CHANEL, women only: the sweet anxiousness of a world without men but dominated by one man


This is a magisterial and controversial work.

In the obscurity of a Parisian cinema, young women run to attend the premiere of the last film by Karl Lagerfeld, Once Upon a Time. A sort of story within the story: real models become a fiction of spectators watching Keira Knightley as Coco Channel.

The 2 parts of this masterpiece are full of interesting signs and echoes.

First, the fear of a world without men.

In Women Only, Karl Lagerfeld describe probably one of the most antique male fantasy: being trapped outside of a place full of goddesses. There’s a sensual tension when the gates close. An ambiguity led by Karl Lagerfeld, who’s not only a victim in this narrative but also the jailer of Cara Delevingne, Julia Nobis, or  Ming Xi. The girls are surprisingly enough pretty superficial and idle in Women Only: they apparently take the lead but they play the girly girl role. Cara plays with her bracelets. Others give hugs. And soon we realize that they’re all here to watch the last super production of a man: Karl Lagerfeld.

The female power versus the girls.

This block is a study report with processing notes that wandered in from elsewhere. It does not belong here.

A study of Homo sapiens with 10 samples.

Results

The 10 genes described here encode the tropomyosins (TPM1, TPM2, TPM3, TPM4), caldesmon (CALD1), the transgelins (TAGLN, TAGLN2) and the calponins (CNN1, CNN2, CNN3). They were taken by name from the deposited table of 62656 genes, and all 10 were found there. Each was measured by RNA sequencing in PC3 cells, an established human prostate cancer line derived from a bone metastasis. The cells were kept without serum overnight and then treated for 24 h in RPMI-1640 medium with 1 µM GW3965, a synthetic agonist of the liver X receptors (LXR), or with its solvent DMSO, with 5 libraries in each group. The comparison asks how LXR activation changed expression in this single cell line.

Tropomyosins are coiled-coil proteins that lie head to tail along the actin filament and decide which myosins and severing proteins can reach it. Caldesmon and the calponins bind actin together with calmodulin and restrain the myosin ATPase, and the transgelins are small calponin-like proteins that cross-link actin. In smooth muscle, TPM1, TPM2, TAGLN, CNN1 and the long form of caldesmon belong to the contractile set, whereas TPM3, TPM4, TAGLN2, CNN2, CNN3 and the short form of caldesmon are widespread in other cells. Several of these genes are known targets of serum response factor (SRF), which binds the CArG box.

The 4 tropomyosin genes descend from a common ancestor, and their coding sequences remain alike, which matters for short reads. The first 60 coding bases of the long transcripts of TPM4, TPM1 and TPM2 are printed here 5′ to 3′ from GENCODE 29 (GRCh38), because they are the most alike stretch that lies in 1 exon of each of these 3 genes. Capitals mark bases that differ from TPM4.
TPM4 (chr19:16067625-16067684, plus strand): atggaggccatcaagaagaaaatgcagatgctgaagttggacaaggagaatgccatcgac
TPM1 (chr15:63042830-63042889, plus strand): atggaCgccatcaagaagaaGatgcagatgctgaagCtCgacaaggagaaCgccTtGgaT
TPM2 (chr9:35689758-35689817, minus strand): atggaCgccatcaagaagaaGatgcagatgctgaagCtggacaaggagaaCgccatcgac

In the film that the models are going to watch, the big star is not one of them but the sublime Keira Knightley. An actress with a word, with a soul, with an interpretation. Whereas the models remain quiet and are just the domineered consumers of the brand inheritance. It’s something that can be easily forgotten when you watch it on YouTube but the symbol is strong. And a bit harsh against the models who are then the digital surfaces to explore the Chanel products on the dedicated website.

I don’t know what to think of this film at the end: it opens more questions than a traditional advertising.

I guess it’s the role of CHANEL to open our gates to such territories. And I’m surprised that not so many people started to debate about it.